Artificial Photosynthesis

Plant photosynthesis converts solar energy into chemical energy in the form of sugars, cellulose, lignin, etc using CO2 and water as the raw materials. It is regarded as the most important chemical reaction on the Earth, which has inspired the development of artificial versions of photosynthesis, i.e. (1) the splitting of water into hydrogen and oxygen, and (2) the conversion of carbon dioxide into organics via sunlight. An important challenge in artificial photosynthesis is the development of catalysts that should be sufficiently efficient, stable, inexpensive, and capable of harvesting the abundant visible light in solar spectrum. There are countless trials to establish stable systems for this purpose, mostly based on inorganic semiconductors with appropriately engineered band-gap and noble metals to promote the “extraction” of electrons. These materials include metal oxides, (oxy)sulfides, and (oxy)nitrides. In our group we are investigating polymeric and organic-inorganic hybrid materials with controlled nanostructures as potential energy transducers for artificial photosynthesis for such applications as water splitting, CO2  reduction, environmental purification, and organic synthesis.


MOFs Co-catalysis

MOFs as redutive co-catalysts for CO2 photoreduction

Metal–organic frameworks (MOFs) have shown great promise for CO2 capture and storage. However, the operation of chemical redox functions of framework substances and organic CO2-trapping entities which are spatially linked together to catalyze CO2 conversion has had much less attention. Reported herein is a cobalt-containing zeolitic imidazolate framework (Co-ZIF-9) which serves as a robust MOF cocatalyst to reduce CO2 by cooperating with a ruthenium-based photosensitizer. The catalytic turnover number of Co-ZIF-9 was about 450 within 2.5 hours under mild reaction conditions, while still keeping its original reactivity during prolonged operation.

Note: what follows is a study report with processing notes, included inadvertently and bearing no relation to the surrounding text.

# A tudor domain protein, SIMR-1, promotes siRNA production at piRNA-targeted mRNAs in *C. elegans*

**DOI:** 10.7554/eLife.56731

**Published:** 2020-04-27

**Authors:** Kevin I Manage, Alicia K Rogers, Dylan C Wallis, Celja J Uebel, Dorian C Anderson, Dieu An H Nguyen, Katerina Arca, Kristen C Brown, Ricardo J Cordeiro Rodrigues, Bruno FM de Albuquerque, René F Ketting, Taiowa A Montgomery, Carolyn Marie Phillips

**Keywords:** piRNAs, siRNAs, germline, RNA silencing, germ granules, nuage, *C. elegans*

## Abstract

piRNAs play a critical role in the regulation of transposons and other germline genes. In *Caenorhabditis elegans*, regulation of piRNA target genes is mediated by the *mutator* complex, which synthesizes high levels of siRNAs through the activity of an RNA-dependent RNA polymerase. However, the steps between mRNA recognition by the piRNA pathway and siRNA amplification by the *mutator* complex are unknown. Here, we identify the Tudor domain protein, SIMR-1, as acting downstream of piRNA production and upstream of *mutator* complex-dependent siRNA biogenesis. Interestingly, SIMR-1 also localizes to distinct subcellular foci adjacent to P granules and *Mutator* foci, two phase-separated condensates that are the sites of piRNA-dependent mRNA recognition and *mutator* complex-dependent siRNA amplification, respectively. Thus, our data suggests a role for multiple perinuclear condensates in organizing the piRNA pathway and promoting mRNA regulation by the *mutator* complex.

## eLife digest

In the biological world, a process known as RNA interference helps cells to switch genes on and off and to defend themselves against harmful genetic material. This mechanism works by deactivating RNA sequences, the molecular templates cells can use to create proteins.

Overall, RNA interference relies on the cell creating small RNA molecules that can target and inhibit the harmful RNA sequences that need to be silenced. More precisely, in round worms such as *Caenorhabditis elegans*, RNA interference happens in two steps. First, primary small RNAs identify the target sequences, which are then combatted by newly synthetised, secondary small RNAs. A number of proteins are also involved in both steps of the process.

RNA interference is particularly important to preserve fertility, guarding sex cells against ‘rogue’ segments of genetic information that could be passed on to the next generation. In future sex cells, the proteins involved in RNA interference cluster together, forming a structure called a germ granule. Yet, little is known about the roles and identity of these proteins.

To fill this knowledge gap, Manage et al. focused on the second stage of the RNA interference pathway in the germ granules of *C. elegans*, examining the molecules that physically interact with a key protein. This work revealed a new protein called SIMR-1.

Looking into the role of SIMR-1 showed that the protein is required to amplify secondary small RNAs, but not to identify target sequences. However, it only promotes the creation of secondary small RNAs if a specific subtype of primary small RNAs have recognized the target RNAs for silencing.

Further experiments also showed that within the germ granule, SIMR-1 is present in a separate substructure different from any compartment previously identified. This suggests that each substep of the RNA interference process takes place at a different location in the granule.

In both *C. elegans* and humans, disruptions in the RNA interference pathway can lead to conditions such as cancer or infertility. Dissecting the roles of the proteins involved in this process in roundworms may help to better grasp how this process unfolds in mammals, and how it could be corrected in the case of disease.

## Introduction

Scheme 1. Chemical structure of Co-ZIF-9. (left) Ball-and-stick representation of the second building units showing the coordination environment around Co. (right) Packing diagram of Co-ZIF-9. Hydrogen atoms are omitted for clarity. Color code: Co (light blue), C (gray), N (blue).


Figure 1. A cobalt-containing zeolitic imidazolate framework (Co-ZIF-9) has been used as a stable metal–organic framework cocatalyst with a photosensitizer to reduce CO2. It combines benefits of the nanoporous characteristic of Co-ZIF-9 for CO2 capture/activation and the catalytic redox function of cobalt centers. bpy=2,2’-bipyridine, TEOA=triethanolamine.